BELMONT – No people or animals were hurt when a two-alarm fire destroyed most of a "pig barn" behind the home of Everett Weeks, the owner of one of the town?s largest farms.
But when Weeks' barn at 41 Depot St. burned on Sunday, a historic treasure was lost. The barn, at 41 Depot St., was built in 1909 and was the former Belmont Woodworking plant, a key part of the town's downtown historic district, according to family members and town historians.
"It was called Depot Street for a reason. The trains used to come in by that barn and the Belmont Mill," said Linda Frawley of the Belmont Heritage Commission.
Weeks and family members were in his small home about 100 feet from the barn when a passerby knocked on the door just before noon.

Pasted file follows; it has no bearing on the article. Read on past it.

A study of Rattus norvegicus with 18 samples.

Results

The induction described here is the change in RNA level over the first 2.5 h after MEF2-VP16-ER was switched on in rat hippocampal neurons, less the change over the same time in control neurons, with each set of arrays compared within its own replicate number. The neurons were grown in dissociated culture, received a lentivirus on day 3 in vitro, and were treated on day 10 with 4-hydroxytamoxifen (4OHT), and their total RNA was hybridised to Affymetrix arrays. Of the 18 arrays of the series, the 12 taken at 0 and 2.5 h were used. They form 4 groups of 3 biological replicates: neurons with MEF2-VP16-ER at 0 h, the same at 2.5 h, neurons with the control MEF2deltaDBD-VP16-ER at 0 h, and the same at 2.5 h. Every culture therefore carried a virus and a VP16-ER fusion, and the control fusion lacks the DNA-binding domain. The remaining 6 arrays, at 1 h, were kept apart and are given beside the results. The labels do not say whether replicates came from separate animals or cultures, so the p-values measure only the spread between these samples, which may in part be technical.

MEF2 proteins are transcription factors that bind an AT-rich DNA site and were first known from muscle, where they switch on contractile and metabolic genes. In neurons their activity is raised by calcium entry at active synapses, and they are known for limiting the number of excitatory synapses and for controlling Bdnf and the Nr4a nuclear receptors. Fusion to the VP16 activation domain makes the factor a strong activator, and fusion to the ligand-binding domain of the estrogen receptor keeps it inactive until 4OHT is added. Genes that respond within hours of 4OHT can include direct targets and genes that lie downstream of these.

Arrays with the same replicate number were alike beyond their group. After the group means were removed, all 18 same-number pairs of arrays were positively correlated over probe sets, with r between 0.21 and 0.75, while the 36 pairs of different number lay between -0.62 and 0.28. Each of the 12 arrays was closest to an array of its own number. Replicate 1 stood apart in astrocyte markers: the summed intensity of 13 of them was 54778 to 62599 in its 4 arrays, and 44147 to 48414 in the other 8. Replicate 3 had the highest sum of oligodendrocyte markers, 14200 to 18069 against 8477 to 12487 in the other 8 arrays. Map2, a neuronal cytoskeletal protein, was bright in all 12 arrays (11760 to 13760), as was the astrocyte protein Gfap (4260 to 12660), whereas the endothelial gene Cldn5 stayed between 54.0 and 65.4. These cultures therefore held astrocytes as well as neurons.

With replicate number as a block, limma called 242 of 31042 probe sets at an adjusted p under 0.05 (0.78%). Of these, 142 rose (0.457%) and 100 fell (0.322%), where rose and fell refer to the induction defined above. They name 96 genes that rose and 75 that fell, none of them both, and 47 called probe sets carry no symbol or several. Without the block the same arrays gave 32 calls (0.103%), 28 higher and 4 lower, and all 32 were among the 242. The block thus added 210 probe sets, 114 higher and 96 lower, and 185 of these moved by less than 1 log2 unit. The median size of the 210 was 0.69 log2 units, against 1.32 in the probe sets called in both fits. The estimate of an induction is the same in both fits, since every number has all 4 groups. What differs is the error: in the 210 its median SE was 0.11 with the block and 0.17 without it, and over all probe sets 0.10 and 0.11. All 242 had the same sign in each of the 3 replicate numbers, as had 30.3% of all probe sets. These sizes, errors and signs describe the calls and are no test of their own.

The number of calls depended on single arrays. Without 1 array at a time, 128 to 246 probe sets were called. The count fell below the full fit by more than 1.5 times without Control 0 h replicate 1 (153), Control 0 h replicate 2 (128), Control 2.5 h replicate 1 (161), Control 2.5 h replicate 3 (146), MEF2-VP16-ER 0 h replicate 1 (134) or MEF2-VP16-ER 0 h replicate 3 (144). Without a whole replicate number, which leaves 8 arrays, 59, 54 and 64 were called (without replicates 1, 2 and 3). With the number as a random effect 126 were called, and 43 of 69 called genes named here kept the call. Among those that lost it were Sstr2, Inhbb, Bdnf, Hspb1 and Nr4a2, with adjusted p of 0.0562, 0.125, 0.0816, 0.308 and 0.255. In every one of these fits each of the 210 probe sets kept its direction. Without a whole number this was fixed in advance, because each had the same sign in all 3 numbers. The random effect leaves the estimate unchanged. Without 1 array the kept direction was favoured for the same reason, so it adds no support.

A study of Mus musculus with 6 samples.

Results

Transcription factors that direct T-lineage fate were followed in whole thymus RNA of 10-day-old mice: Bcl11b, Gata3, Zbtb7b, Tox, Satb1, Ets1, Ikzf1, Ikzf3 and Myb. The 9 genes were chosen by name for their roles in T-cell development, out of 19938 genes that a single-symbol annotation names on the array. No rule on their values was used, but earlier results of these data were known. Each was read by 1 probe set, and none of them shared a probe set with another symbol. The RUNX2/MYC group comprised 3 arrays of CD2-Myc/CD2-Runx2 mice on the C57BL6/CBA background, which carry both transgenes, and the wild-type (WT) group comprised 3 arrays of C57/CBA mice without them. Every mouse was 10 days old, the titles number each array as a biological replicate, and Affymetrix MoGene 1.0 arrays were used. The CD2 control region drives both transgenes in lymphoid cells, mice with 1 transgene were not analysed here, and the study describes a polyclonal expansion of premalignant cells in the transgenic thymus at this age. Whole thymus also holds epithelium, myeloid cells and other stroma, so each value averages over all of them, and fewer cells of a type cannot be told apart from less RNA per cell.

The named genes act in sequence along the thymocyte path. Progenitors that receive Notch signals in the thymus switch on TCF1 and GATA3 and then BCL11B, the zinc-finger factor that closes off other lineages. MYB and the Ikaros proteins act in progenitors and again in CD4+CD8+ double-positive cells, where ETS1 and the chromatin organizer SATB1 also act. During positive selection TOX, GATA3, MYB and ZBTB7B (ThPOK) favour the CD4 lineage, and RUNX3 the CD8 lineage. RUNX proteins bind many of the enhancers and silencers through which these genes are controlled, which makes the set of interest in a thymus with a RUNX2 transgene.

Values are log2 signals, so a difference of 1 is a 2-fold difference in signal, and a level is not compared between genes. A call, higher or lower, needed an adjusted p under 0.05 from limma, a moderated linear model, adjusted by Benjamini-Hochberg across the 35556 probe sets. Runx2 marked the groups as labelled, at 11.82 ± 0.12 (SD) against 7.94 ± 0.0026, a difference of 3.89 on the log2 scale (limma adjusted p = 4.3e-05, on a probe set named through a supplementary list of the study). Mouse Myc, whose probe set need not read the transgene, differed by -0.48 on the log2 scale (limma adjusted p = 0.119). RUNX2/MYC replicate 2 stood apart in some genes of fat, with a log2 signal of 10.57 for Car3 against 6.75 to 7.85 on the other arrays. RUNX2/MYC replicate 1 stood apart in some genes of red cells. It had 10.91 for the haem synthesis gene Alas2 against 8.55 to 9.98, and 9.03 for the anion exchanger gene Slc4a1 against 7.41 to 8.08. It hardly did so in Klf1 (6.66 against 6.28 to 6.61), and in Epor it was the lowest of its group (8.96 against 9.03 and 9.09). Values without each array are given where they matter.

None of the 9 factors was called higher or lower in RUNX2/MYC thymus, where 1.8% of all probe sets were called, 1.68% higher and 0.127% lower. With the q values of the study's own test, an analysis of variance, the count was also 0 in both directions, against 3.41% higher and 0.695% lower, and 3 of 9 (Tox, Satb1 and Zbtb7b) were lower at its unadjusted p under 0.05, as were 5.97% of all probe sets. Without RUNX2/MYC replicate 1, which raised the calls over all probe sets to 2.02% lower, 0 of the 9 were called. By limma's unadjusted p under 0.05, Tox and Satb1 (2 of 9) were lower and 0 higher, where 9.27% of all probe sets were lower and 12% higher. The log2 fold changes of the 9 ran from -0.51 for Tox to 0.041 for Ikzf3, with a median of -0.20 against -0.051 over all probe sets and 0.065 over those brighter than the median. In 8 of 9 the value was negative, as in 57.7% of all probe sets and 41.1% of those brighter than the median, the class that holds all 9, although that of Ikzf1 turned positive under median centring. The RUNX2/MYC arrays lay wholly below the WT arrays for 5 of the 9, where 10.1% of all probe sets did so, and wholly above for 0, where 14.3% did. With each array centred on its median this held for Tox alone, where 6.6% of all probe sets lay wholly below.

"He said the barn was on fire," said Amanda Tatro, who identified herself as a family member.
Fire Chief David Parenti said when crews arrived the barn was fully engulfed.
"There was an exposure of the fire to the main house and in another direction, so when we got here we focused on cutting the fire off," he said. "I'd say it was a good save."
The fire was likely fueled by stored hay in the barn.
"Putting out hay is a real beast, and there was roughly 2,000 bales of hay in there," Parenti said. Fire crews stood by a loader Sunday afternoon pouring water on hay as the machine pulled the bales from the rubble of the barn.
The barn normally housed pigs, family members said, but it had no electricity and only cats were living there when the fire occurred. The cats probably escaped and will return, family members said.
The cause is under investigation, Parenti said.
"All we know is it seems to have started in the basement," he said.
Fire crews from Belmont were joined by firefighters from Barnstead, Concord, Gilford, Gilmanton, Laconia, Loudon, Sanbornton, and Tilton-Northfield. By 3 p.m., the fire was under control, though Depot Street was closed for most of Sunday afternoon by police.